Japan Airlines received its first Boeing 787 Dreamliner on March 26, 2012.


Stephen Brashear

Major aviation company Boeing's new Dreamliner 787 jet has been plagued with safety incidents in the past two weeks, prompting an investigation by the US Federal Aviation Investigation into the persistent problems.

The FAA will launch a top-priority investigation into the jet on Friday, and will discuss electrical problems and a review into the Dreamliner's power system in a 9:30 EDT press conference, according to AP.

Read more from GlobalPost: Boeing has "extreme confidence" in Dreamliner despite third mishap this week

On Friday, Japan Airlines reported two separate incidents with Dreamliner's flying domestic routes, including a cracked cockpit window that "did not endanger the aircraft," and a minor oil leak, wrote the New York Times. 

The Dreamliner's bad week began with a minor Monday battery fire on a Japan Airlines-owned model of the jet (unoccupied by passengers), the cause of which has yet to be determined, wrote the Wall Street Journal.

United quickly inspected its own six Dreamliners and identified faulty wiring on one of the airplanes.

A Tuesday JAL flight was delayed in Boston due to a fuel leak caused by an open valve, while a Wednesday All Nippon Airlines Co. flight was cancelled due to suspected brake problems with one of the jets, caused by a faulty computer alert.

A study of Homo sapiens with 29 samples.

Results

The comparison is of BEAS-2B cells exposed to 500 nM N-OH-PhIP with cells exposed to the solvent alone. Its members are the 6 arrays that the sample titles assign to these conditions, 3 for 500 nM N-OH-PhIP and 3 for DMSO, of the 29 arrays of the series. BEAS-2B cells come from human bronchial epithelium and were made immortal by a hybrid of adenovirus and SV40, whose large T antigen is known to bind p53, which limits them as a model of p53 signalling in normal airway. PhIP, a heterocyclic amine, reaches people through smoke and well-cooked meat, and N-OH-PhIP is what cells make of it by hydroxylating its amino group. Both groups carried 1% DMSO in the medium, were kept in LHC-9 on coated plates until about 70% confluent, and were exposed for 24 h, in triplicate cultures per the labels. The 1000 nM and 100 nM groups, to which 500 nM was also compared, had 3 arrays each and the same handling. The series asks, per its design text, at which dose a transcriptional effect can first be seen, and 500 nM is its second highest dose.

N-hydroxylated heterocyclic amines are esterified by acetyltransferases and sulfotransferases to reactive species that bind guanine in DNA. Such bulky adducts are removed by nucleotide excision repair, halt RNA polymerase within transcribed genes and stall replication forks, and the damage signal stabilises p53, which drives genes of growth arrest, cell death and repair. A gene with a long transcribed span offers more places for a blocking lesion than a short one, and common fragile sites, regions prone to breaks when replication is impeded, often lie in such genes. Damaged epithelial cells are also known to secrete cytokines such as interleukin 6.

Read more from GlobalPost: United says Boeing Dreamliner makes emergency landing in New Orleans

In December, a 13-day-old United Airlines Dreamliner was forced to make an emergency landing in New Orleans, after mechanical problems were discovered by the crew.

The eagerly awaited new Dreamliner 787 is the first jetliner constructed largely of light carbon-composite, and sells for a hefty $200 million — a price many aspirant airlines have been thus far happy to pay, with 50 deliveries thus far and more than 800 jets on back-order, according to Yahoo.

Recent and highly publicized safety-concerns with the new jets have forced Boeing to shift into damage-control mode, wrote the Wall Street Journal on Thursday.

Dreamliner chief engineer Mike Sinnett told the WSJ that he was "100% convinced the airplane is safe to fly."